Friday, October 9, 2009

Sports Museum of Los Angeles

My husband Tim and I had the great fortune to attend a fundraiser at the Sports Museum of Los Angeles last night. The cause was completely worthwhile: raising money for Junior Achievement of Southern California, a terrific volunteer organization that teaches kids financial literacy. The real reason we were there, though, was to see the Sports Museum.

Tim, of course, is a far bigger sports fan than I’ll ever be; but I do love baseball and get especially misty-eyed when I see footage of the team I adored when I was a kid: the L.A. Dodgers. We have since switched our allegiance to the Angels, partially because Tim used to work for the radio station that broadcasted their games. Still, as native Angelenos who grew-up here when the Dodgers were truly phenomenal, we retain a soft spot in our hearts for the boys in blue. And having them in the play-offs this year doesn’t hurt either!

I had read about the Sports Museum, but was totally unprepared for what I was about to see. The 32,000 square foot building, located on Washington and Main in downtown L.A., houses over 10,000 items displayed in 30 “galleries.” The museum, owned by entrepreneur Gary Cypres, is the largest private sports collection in the world. Although most American sports are represented, baseball—in particular, the Dodgers and Yankees (Cypres was originally from NYC)—is especially emphasized, with an entire room dedicated to Babe Ruth memorabilia. The walls of another room are covered in framed baseball cards. There are exhibits of the evolution of baseball mitts, balls and uniforms, and several replicas of Ebbets field and other long-gone stadiums. Cypres told last night’s crowd that, even more than the sports themselves, he loves the history of sports and so purposely displays his collection to show how athletics has grown and changed.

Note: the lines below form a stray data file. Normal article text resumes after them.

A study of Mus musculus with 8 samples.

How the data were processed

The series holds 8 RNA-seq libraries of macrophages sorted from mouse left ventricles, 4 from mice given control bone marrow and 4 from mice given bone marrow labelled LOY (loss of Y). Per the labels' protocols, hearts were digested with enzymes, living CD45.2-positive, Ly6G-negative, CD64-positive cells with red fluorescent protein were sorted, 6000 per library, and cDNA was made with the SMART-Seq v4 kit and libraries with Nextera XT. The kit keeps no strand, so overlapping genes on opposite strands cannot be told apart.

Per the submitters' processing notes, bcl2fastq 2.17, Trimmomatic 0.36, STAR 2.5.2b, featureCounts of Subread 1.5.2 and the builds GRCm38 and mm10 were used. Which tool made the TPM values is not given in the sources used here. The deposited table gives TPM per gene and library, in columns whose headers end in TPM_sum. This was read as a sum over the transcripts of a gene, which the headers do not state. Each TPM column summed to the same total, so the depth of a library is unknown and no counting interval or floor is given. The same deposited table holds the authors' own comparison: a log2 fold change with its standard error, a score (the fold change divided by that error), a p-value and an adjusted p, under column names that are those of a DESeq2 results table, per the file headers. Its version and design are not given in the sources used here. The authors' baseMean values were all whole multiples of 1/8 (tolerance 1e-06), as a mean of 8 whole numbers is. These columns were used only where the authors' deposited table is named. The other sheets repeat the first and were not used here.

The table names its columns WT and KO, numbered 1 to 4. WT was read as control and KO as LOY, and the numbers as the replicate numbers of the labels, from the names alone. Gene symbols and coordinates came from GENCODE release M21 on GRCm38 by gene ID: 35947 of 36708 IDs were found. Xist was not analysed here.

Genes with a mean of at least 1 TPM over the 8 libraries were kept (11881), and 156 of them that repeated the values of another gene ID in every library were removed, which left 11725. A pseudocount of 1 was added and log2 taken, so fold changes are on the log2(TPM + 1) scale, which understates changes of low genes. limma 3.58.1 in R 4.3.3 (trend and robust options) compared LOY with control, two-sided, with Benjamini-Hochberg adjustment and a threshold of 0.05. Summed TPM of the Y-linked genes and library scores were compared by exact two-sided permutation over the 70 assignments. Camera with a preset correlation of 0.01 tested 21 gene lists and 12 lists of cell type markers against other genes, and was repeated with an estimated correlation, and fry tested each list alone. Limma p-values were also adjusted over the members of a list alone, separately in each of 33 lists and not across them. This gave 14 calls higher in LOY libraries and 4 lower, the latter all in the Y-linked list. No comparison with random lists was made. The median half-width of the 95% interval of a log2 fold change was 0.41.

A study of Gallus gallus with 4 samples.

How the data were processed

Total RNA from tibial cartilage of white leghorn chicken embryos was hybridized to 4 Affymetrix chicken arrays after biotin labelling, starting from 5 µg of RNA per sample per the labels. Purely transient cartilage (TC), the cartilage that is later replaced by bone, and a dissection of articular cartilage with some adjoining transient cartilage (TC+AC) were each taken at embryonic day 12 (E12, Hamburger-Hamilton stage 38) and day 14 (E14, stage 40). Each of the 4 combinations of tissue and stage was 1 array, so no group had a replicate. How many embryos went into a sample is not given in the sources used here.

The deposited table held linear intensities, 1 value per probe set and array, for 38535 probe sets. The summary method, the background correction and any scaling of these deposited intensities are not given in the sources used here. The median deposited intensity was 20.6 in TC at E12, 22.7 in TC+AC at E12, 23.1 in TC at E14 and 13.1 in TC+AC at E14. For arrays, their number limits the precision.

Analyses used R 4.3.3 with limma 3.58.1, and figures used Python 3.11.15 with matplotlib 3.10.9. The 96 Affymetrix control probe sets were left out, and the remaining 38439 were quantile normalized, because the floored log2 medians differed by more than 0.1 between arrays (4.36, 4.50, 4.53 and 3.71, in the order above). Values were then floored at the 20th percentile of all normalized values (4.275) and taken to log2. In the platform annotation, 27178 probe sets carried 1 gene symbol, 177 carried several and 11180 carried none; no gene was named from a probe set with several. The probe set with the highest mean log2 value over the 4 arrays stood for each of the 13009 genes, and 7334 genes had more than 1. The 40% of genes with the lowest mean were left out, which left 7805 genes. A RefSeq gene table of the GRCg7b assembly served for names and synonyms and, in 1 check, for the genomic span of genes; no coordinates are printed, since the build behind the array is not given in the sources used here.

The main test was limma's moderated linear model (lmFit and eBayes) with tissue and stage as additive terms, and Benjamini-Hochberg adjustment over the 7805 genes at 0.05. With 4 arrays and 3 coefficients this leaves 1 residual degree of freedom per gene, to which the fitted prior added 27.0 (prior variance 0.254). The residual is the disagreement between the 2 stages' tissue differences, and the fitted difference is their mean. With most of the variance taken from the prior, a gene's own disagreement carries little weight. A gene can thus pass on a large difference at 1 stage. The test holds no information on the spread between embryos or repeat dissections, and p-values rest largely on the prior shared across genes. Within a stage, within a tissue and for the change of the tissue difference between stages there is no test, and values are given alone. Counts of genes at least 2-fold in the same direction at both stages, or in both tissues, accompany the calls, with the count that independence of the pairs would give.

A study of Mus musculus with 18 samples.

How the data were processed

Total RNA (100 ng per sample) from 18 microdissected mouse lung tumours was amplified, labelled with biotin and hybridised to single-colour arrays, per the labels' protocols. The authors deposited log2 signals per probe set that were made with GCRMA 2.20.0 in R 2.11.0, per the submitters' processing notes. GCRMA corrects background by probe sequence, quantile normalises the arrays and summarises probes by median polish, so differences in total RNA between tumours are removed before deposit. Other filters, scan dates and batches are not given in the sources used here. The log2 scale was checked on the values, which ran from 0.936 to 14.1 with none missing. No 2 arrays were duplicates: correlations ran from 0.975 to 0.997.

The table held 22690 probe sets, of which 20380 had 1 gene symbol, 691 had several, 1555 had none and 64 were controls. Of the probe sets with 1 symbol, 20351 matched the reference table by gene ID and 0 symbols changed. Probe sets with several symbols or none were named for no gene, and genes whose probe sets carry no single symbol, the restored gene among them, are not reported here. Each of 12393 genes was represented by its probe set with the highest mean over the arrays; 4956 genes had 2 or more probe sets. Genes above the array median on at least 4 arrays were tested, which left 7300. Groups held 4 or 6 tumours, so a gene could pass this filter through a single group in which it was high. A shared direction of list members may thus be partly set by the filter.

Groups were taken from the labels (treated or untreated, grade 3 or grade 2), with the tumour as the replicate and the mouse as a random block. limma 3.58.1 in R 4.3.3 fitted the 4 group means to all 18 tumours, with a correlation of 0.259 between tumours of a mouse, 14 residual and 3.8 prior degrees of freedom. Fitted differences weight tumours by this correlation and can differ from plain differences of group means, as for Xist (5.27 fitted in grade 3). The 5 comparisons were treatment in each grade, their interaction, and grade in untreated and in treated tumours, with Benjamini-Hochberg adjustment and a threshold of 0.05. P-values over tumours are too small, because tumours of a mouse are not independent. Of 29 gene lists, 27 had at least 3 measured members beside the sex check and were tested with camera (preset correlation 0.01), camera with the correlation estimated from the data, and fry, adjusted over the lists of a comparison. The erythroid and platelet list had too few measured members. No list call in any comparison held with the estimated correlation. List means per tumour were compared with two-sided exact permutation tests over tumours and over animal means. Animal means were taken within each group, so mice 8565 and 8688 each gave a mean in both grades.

As magnificent as the collection is, the museum, from a librarian’s perspective, could stand to be better organized and managed. Descriptions of each item are lacking as are narrative signs explaining the significance of some of the exhibits. I was also appalled at the lighting, which is far brighter than any museum I’ve ever visited. Sure, it’s great from a fan’s point of view, but I worry about the integrity of the artifacts. Will the lights eventually lead to fading or other disintegration? And what preservation techniques are being used overall? I also wonder if Cypres has a collection plan or if he just purchases items on whim and/or instinct. His passion did, after all, start by happenstance when he bought an old tennis racket in London many years ago. Now he’s got thousands of items to care for and house. What will eventually happen to the collection if there is no plan?

Nevertheless, if you’re a collector and/or sports aficionado, the Sports Museum of Los Angeles is a must for you. It’s open now only through appointment, so if you get invited to an event there, by all means go!